Ferrari 499P Hypercar Is Here To Dominate Le Mans

Motorsport / 11 Comments

Ferrari's latest hypercar isn't one you can buy, but it hopes the 499P will be one that'll dominate motorsport.

Ferrari's Hypercar is now ready. Meet the Ferrari 499P. The name is, of course, inspired by the brand's motorsport history. We uncovered the patent for the name earlier today, and now Ferrari's much-anticipated hypercar is here to match. From 2023, this car will represent Ferrari in the FIA WEC World Endurance Championship.

It'll be sat alongside hypercars from other brands, like Porsche, Cadillac, and more. Like its spiritual predecessor, the 312P, this 499P's name is a hint at its engine displacement; the 499P reportedly derives its name from the displacement of its 2992-cc twin-turbocharged V6. Ferrari says the livery is intended to recall the 312 as well and will debut at the 1000 Miles of Sebring. We'll see many a WEC Hypercar at Sebring this year, and now we know Ferrari will be no exception.

Ferrari Ferrari

Ferrari says its two cars will be numbered 50 and 51, after the brand's winning 312P cars that shared the numbers. As with all cars in this class, the 499 has to meet certain regulations set forth by the FIA, the governing body that presides over the WEC series.

These regs influence everything, from the car's aerodynamics package to its engine, to the way it looks. Here, Ferrari is rather tight-lipped, as all brands have been. Maximum power output is set at 670 horsepower, as with all participating cars. Entrants must also weigh no less than 2,270 lbs.

While Ferrari doesn't reveal exact specs for its powertrain, nor the weight of the car, we can assume it'll be getting as close to the above restrictions as it can.

Ferrari Ferrari

However, we do have some loose technical specs for the powertrain. All cars are hybridized, much like Ferrari's own SF90, with the engine in the middle and an electric motor powering the front axle. Ferrari says the powerplant, a twin-turbo V6, is derived from road-going counterparts. We're taking that to mean the 296 GTB.

Here, the V6 is actually a load-bearing part of the car's structure. At the front, the electric motor produces a maximum of 268 horsepower and even comes with its own differential. That is driven by a battery which is recharged during acceleration and braking.

The battery pack powering this motor is a 900V unit, which is derived from Ferrari's experiences in F1. Let's just hope it's not all of Ferrari's experiences in F1. All that is hooked to a 7-speed sequential gearbox.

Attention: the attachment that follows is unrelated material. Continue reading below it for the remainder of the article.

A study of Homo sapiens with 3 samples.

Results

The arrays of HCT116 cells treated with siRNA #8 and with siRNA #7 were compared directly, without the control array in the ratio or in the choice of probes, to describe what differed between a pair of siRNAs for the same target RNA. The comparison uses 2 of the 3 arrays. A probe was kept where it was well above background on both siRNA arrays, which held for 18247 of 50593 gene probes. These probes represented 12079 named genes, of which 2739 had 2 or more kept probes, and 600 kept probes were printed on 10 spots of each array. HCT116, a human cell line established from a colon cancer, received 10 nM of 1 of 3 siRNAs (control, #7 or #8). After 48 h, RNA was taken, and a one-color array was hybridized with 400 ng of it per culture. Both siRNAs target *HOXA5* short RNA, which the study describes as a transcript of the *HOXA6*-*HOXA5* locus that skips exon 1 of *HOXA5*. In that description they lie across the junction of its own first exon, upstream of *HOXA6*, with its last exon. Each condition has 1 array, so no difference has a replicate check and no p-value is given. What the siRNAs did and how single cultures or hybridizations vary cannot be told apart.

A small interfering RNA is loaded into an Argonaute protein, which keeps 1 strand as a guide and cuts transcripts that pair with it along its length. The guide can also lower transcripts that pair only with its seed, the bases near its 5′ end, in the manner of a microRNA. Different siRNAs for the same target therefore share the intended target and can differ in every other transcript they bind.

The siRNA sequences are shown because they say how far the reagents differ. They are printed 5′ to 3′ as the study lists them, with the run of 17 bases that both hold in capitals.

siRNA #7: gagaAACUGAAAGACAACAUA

Ferrari Ferrari

Ferrari spares no inch of the car's bodywork, using every available surface to create an aerodynamic benefit. Louvers on the arches pull air from around the wheels, feeding it down the body. Even the headlights have a role, and Ferrari says those are intended to recall the Daytona SP3.

The bodywork is strung over a carbon fiber monocoque chassis, with double wishbone pushrod suspension at all four corners. Sat just next to the suspension componentry is Ferrari's brake-by-wire system, which much like its F1 cars, recovers heat energy from the brakes and uses it to charge the car's battery. Then, it can be discharged to the front wheels.

Ferrari Ferrari

As John Elkann, Ferrari's Executive Chairman points out, the 499P is the latest in a long line of dominant Ferrari endurance cars. "We enter this challenge with humility, but conscious of a history that has taken us to over 20 world endurance titles and 9 overall victories at the 24 Hours of Le Mans."

Ferrari's own engineers will be present to manage the car on track, though Ferrari does also have a partnership with AF Corse. In 2006, Ferrari and AF Corse won both a driver's and manufacturer's championship with the F430's racing counterpart. On top of that, Ferrari has worked with AF Corse for many years in the FIA GT series.

We'll see more of the Ferrari 499P once the 1,000 Miles of Sebring kicks off on March 18. With any luck, that also means some close racing with other entrants.